Reflections on Japan and Taiwan

I recently travelled to Japan, in particular Osaka, Kyoto and Tokyo, as well as Taiwan, and all I can say is that they really were some of the most phenomenal countries to which I’ve ever travelled. With the coexistence of modernity and history, science fiction-like cities and religion to match, I would recommend both countries to absolutely anyone.

But why is this relevant to you as readers of this blog on health and well-being? Because we in the Western world can learn much from the Japanese and Taiwanese as to how to live a healthier and more productive life.

Food during the snowy Japanese winter is hot, brothy and full of vegetables and little meat. On one occasion at the base of Mt. Fuji, I enjoyed a meal of sweet, clear soup packed with mushrooms, ginger and lemongrass. Digestion is facilitated by the liquid (aided by oolong or rice tea to match) and the ginger in both the soup and that which accompanies almost every meal provides heat and enzymes to flush out the immune system.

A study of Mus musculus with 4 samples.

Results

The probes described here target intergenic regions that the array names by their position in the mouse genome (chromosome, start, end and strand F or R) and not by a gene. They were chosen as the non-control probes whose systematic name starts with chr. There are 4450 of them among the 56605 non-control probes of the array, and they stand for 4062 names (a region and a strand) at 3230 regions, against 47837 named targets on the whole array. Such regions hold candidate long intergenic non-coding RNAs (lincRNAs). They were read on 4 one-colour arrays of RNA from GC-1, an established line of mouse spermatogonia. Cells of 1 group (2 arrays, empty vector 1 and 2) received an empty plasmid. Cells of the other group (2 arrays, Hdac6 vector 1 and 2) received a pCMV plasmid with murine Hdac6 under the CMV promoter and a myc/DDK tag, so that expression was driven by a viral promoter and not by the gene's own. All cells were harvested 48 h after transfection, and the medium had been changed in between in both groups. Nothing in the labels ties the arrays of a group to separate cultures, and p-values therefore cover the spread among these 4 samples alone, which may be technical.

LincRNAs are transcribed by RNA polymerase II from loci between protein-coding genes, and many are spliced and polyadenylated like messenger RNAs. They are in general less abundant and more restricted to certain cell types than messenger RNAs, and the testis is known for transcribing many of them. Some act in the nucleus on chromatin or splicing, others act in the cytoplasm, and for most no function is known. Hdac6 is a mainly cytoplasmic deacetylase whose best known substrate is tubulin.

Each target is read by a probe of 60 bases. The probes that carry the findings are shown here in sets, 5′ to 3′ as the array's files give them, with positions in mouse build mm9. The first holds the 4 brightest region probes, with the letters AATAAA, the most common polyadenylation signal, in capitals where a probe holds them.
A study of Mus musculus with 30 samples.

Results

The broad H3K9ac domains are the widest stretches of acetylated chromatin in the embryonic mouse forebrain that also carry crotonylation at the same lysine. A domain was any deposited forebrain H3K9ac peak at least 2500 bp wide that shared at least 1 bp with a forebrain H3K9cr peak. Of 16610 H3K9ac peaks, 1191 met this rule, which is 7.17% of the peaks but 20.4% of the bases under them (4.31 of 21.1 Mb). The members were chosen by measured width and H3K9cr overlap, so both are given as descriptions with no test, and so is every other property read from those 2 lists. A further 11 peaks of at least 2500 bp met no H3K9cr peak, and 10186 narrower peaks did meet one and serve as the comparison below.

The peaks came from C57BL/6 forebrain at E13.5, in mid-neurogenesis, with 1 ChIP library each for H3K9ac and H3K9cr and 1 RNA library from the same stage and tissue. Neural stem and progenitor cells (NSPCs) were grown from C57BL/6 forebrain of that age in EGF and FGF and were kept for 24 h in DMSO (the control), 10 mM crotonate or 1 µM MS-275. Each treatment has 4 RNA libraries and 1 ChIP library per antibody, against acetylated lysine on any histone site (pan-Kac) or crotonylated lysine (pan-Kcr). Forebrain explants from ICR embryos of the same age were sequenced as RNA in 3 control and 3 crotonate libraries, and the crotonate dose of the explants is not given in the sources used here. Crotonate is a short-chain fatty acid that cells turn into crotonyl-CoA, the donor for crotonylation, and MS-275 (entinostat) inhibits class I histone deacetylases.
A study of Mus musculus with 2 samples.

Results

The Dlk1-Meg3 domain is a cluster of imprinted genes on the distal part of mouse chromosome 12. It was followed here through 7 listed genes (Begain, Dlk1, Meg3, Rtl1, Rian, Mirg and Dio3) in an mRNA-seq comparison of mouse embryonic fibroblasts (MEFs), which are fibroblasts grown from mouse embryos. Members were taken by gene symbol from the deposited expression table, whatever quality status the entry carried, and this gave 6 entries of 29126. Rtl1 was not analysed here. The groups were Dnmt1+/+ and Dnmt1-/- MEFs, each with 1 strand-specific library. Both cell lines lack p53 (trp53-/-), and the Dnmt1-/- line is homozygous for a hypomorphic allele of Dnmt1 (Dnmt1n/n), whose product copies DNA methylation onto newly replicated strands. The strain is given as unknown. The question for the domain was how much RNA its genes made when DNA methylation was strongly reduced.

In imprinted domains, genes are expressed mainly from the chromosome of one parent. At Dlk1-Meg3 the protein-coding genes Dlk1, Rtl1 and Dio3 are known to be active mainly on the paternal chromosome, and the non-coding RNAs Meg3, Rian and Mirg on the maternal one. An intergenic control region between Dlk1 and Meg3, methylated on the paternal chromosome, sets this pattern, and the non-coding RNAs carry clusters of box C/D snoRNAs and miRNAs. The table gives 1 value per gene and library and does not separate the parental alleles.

Taiwanese food is also good, but I’d like to focus more on the community-oriented spirit of the small island. Like many countries the world over, families are not limited to parents and kids. Grandparents and spouses of children, cousins and aunts all live under the one roof. Nobody is alone and importantly, the elderly are not sent off to aged care homes.

Moreover, if you take a stroll in the streets you will see an abundance of parks and witness groups of people of all ages playing mah-jong together and the blind massaging one another. The social dynamic is not nearly as well-built into everyday life in Australia as it is in Taiwan.